Her most famous work may be the novel The Color Purple, but Alice Walker says she is a poet at heart. Walker won the Pulitzer Prize for The Color Purple in 1983, the first African-American woman to do so. Now the poet-turned-novelist has two new books, of poetry and prose. She joins us on Chicago Tonight at 7:00 pm.
Walker’s latest books are The Cushion in the Road: Meditation and Wandering as the Whole World Awakens to Being in Harm’s Way, a collection of essays, and The World Will Follow Joy: Turning Madness Into Flowers, a book of new poems.
Walker dedicates The Cushion in the Road to the Fidel Castro and his lover and co-revolutionary Celia Sanchez Manduley, calling them spiritual guides and “one of the most inspiring power couples of the twentieth century.”
She says she learned about the pair after reading a biography of Manduley.
“It’s an incredible love story, but it’s a different kind of love story. They were really revolutionaries,” Walker says. “The culture wanted them to be married, for instance, because they spent so much time together, and she refused refused to marry him because he was a womanizer, like most of them, and she said no. But she built a space onto each of her dwellings for him, so that they lived together for all those years, until she died.”
In one of her essays, Walker lauds Castro and Manduley for having “the highest moral character,” and defends Castro’s regime from criticism that it stifled political dissent and free speech, and killed political opponents.
“Think of all the people shock and awe killed in Iraq. I don't think there’s anyone in our government who can say one word about anybody else’s brutality,” Walker says. “They did very little murder and mayhem, partly because of Celia. She wouldn’t have it.”
But it is Walker’s writings on the Israeli-Palestinian conflict that has attracted condemnations from the Anti-Defamation League and the Simon Wiesenthal Center. Walker, who has called for an artistic boycott of Israel, says America and Israel are “in cahoots” to subjugate Palestinians.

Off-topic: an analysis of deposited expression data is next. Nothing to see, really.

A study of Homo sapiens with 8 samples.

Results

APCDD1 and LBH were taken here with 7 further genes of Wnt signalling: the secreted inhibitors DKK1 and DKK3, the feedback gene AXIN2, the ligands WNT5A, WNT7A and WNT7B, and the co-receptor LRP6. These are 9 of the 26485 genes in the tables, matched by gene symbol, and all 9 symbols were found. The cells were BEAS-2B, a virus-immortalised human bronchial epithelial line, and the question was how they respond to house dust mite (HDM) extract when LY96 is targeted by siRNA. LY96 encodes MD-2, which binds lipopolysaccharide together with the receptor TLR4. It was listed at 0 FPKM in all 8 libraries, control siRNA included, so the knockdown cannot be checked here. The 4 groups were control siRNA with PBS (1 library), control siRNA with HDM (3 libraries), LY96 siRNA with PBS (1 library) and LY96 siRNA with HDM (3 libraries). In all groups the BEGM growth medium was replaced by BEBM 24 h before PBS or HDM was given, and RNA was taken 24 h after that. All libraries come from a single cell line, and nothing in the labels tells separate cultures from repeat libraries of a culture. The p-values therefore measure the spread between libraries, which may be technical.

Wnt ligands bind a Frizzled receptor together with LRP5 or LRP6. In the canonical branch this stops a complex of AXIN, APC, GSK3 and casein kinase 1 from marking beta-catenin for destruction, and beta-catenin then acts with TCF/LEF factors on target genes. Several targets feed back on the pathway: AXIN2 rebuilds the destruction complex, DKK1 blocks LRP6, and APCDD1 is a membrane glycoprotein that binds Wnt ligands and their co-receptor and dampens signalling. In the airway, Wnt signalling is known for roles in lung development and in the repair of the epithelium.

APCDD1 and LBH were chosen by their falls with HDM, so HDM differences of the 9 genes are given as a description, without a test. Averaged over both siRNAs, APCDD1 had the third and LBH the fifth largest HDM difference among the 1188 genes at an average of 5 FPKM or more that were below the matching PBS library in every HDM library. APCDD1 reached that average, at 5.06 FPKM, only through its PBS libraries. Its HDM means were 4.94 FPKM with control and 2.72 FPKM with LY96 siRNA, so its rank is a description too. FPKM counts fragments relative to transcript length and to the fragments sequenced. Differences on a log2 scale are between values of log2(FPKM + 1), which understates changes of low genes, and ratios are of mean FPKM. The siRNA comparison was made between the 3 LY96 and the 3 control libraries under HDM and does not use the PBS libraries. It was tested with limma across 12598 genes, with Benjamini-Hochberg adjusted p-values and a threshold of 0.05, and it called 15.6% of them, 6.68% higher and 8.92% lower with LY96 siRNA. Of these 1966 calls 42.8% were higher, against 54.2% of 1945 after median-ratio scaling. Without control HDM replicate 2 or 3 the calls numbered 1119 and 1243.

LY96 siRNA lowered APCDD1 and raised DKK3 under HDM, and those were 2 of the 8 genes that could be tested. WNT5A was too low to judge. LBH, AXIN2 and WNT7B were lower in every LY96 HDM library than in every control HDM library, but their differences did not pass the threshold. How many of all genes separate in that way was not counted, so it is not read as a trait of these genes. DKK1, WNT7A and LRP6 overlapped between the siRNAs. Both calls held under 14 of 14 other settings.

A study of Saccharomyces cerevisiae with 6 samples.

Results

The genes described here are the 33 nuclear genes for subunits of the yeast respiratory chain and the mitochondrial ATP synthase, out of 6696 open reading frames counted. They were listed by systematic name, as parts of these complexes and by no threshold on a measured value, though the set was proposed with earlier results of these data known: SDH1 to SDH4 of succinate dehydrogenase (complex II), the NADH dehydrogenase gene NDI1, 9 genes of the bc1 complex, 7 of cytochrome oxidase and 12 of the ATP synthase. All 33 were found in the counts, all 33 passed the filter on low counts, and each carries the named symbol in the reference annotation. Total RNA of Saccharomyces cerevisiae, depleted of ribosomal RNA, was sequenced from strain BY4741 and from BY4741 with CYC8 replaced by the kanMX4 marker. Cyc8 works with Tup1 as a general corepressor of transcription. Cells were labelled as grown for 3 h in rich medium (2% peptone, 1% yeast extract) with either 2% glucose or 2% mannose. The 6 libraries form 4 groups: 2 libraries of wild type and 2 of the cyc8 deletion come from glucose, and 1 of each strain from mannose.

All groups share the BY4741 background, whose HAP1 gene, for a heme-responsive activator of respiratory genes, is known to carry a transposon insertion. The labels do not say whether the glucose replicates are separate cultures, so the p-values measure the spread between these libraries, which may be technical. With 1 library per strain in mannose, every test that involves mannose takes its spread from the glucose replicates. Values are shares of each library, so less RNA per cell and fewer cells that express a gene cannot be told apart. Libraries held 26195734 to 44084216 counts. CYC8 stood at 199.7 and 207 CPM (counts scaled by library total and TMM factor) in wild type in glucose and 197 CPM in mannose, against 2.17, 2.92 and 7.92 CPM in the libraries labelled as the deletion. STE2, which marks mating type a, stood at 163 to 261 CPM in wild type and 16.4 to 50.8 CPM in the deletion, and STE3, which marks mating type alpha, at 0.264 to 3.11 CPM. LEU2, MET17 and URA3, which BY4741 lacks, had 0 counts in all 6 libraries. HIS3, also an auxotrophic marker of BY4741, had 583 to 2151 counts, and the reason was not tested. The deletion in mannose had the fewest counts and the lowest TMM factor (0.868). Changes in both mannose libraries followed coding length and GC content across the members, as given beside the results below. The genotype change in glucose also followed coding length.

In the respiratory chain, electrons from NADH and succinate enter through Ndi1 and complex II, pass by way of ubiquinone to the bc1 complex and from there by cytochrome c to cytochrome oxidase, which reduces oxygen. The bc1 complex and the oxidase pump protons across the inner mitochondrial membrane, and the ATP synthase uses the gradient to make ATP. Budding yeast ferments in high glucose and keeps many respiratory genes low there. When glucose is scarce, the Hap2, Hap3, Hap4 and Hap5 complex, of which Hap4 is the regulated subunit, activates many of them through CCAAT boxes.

“It is in no one’s interest to let any nation, no matter its history or claim to sympathy, further terrorize us. And that, I feel, is ultimately, what I am objecting to: the terrorization of the planet by the United States and Israel,” she writes in The Cushion in the Road. “These overly armed countries are attacking people who cannot possibly put up an equal fight, which makes attacking them sadistic.”
The Anti-Defamation League called those essays “infected with anti-Semitism,” which Walker says is false and misses the point.
“Why use this kind of language now, when actually the whole Middle East is Semitic?” she says. “Those peoples are Semitic peoples, and in fact it’s Jews who often are not Semitic people. They are not even from that part of the world.”
She says criticism over her beliefs is nothing new, and that she remains undeterred.
“I was totally trounced on for writing The Color Purple. I was really abused verbally a lot for tackling female genital mutilation,” she says. “I go where my heart says I need to be.”
Does she think writers and artists should be fearless in the face of their critics?
“Or indifferent,” she says. “I lived in Mississippi you know for seven years and we were threatened by the Ku Klux Klan. They left cards on our doorstep because I was interracially married to a Jewish man, and that was illegal. But there’s something in the human spirit that says, this is right or this is not right.”